Apparently, a deal may be in the works to exempt Canada from the Buy American provision included in the U.S. stimulus package. Sounds like good news, but this sort of thing cuts both ways. The CBC News Internet site reports that:
“According to Canadian government sources, Ottawa expects that the White House will use its discretionary power to exempt Canada from the clause very soon. In return, Canada would simultaneously announce that its provincial and municipal doors are now wide open to U.S. companies.
“Sources say the announcement could be made when the two countries’ trade negotiators, Don Stephenson, assistant deputy minister, trade policy and negotiations, and Everett Eissenstat, office of the United States trade representative, hold their first formal meeting.”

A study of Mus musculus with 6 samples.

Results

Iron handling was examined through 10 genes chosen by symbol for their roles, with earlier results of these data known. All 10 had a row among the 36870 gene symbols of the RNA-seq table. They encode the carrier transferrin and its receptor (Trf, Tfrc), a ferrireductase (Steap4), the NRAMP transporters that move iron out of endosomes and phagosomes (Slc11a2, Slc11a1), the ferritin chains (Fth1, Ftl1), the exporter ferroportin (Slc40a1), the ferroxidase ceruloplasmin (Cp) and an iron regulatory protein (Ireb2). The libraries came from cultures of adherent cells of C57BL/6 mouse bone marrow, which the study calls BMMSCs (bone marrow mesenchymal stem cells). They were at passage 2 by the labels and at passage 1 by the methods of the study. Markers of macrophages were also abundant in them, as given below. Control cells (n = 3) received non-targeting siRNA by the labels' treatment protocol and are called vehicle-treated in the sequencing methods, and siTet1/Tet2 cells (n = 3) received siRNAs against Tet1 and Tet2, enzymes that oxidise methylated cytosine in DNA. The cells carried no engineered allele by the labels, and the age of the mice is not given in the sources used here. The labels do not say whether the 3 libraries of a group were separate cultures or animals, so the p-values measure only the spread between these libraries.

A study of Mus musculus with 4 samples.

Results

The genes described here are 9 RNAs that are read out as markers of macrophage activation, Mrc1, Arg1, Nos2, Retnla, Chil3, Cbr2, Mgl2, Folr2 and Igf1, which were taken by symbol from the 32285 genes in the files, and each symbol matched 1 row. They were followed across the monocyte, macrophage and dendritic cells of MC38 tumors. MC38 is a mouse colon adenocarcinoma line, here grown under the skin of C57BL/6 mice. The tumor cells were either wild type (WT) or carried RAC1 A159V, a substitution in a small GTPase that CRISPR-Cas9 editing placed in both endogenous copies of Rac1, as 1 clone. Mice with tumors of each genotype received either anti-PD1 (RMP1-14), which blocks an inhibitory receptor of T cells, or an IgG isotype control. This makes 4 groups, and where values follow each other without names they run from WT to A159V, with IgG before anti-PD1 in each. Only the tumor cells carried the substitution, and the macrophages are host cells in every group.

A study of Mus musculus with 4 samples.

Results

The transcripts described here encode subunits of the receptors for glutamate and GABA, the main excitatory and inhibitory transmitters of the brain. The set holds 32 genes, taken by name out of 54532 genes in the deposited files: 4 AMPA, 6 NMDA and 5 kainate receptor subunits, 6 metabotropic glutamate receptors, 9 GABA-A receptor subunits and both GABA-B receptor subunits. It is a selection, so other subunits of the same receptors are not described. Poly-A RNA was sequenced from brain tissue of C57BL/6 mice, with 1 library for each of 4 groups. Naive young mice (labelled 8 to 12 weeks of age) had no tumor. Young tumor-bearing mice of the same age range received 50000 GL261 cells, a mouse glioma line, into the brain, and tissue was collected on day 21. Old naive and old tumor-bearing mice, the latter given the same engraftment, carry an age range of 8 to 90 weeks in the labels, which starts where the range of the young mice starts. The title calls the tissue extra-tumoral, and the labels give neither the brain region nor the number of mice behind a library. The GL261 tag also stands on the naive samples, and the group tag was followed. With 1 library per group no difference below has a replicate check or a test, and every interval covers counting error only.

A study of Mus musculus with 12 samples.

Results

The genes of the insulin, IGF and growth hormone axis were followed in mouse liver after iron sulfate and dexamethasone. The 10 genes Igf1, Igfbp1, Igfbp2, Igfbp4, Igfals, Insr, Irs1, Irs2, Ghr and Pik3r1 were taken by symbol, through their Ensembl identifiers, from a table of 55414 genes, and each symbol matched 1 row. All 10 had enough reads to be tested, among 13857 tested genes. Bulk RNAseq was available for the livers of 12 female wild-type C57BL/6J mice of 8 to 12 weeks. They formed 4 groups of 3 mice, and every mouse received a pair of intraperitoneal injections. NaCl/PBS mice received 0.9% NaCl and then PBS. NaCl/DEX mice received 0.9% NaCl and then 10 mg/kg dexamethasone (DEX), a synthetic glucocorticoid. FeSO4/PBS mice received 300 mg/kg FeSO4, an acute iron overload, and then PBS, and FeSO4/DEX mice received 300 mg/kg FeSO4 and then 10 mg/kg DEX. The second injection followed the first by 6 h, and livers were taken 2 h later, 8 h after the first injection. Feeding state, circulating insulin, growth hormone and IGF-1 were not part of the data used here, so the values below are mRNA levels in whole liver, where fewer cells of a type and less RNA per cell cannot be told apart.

This could prove to be a case of “be careful what you wish for, it could come true.” Canadian provincial governments such as Ontario and especially municipalities such as Toronto have often gone out of their way to source large procurements from domestic sources.
I’m reminded of the controversy a few years back when the TTC approved plans to give a $499-million untendered subway-car contract to Bombardier. Bombardier planned to build the cars at its Thunder Bay plant and many saw the domestic, in-province angle as the deal winner.
A German-based competitor of Bombardier, Siemens, although it had never been given the opportunity to bid on the proposal, had suggested it could build the cars for $535-million, including items that were not part of the Bombardier base price. While Siemens originally said it would manufacture the trains in China, officials later suggested they would open an Ontario plant. Why open a plant here? Of course, that would have “qualified” them to be a bidder.
Hypocrisy comes in all sizes and shapes—it has ever been thus, and thus it will ever be.